By Mr Karma | Friday 10 August 2018


The issue of disclosure of holdings and conflicts of interest by those giving investment advice is currently a live topic in the industry. At heart, writing about a stock and disseminating one’s ideas is, I would posit, for many retail investors who have been pushed even further down the pecking order post Mifid 2 and the lock out on their receiving much research, a welcome activity. Information is what feeds stock prices and what prompts investors to act. Without info everybody including the companies are worse off. 

The contentious point is where the “bias” of that particular commentator is concerned. From a regulated perspective there are prescriptive rules re disclosure of holdings/interests when writing about a stock hence the very valid commentary here this week by Tom Winnifrith in relation to BlueJay Mining (JAY), namely does SP Angel still holdings warrants and stock in the company (which we would see as a net positive as it means they DO believe their story) or have they sold?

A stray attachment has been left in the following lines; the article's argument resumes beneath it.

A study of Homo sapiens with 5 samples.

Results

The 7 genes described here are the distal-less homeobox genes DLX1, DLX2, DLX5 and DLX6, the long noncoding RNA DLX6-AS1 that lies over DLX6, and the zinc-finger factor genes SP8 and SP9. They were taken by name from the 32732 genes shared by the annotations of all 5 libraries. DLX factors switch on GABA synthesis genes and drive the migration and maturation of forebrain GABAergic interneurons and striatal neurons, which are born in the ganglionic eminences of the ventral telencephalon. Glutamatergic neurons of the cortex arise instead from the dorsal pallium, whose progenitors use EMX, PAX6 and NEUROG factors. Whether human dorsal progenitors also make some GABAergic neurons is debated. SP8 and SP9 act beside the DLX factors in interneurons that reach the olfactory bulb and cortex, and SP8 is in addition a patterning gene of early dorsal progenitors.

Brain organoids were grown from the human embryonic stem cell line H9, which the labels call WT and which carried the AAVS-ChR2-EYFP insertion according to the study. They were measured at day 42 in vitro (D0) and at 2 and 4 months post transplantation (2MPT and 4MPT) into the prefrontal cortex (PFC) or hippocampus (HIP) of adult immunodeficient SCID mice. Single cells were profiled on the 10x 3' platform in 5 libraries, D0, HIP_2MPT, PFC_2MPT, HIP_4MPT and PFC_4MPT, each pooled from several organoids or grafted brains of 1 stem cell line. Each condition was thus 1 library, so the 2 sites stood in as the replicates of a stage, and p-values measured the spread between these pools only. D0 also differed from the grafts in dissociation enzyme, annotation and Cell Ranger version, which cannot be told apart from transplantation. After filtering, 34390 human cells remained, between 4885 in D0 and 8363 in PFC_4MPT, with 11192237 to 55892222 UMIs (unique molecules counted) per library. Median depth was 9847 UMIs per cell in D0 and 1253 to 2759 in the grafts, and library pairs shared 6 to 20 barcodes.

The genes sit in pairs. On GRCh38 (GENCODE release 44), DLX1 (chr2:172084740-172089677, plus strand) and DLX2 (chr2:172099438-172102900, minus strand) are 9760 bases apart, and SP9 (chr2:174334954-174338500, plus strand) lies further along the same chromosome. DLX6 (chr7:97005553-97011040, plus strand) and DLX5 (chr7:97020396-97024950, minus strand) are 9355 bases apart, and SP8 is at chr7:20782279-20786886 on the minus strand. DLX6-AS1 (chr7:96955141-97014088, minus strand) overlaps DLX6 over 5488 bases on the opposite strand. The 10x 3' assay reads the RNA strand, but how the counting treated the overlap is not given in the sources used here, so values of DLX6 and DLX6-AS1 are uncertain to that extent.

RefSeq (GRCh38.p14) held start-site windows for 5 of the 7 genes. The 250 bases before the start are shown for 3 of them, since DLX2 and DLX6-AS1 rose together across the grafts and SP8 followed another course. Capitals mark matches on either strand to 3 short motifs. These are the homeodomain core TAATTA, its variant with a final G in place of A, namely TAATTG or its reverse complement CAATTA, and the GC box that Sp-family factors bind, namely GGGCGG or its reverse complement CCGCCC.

It seems the company and SP Angel have been unprepared to clear this point up for which one can draw one’s own conclusions. There are 2 possibilities – either they do hold their interest but were remiss in regulation in not disclosing this holding or they DONT hold the stock in which the believability of their research I would posit is non-existent as they would be guilty of advocating a Buy stance (at supposed prices 3 times the current stock price) whilst selling into that advice.

This brings us to non regulated entities such as Malcom Graham Wood who actively promote stocks whilst being paid for doing so but do not disclose the payment basis (stock or cash). This is, in the first instance, unethical and, I believe, in fact a breach of the regulations as they are giving overt investment advice without being authorised to do so. 

Of course, paid for research by the likes of Edison, Hardman, Align etc should be seen for what it is – precisely that – paid for and therefore with bias. The major difference with these companies and Malcolm Wood et al is that they DISCLOSE this basis of remuneration and investors have the full picture from which to make an informed decision.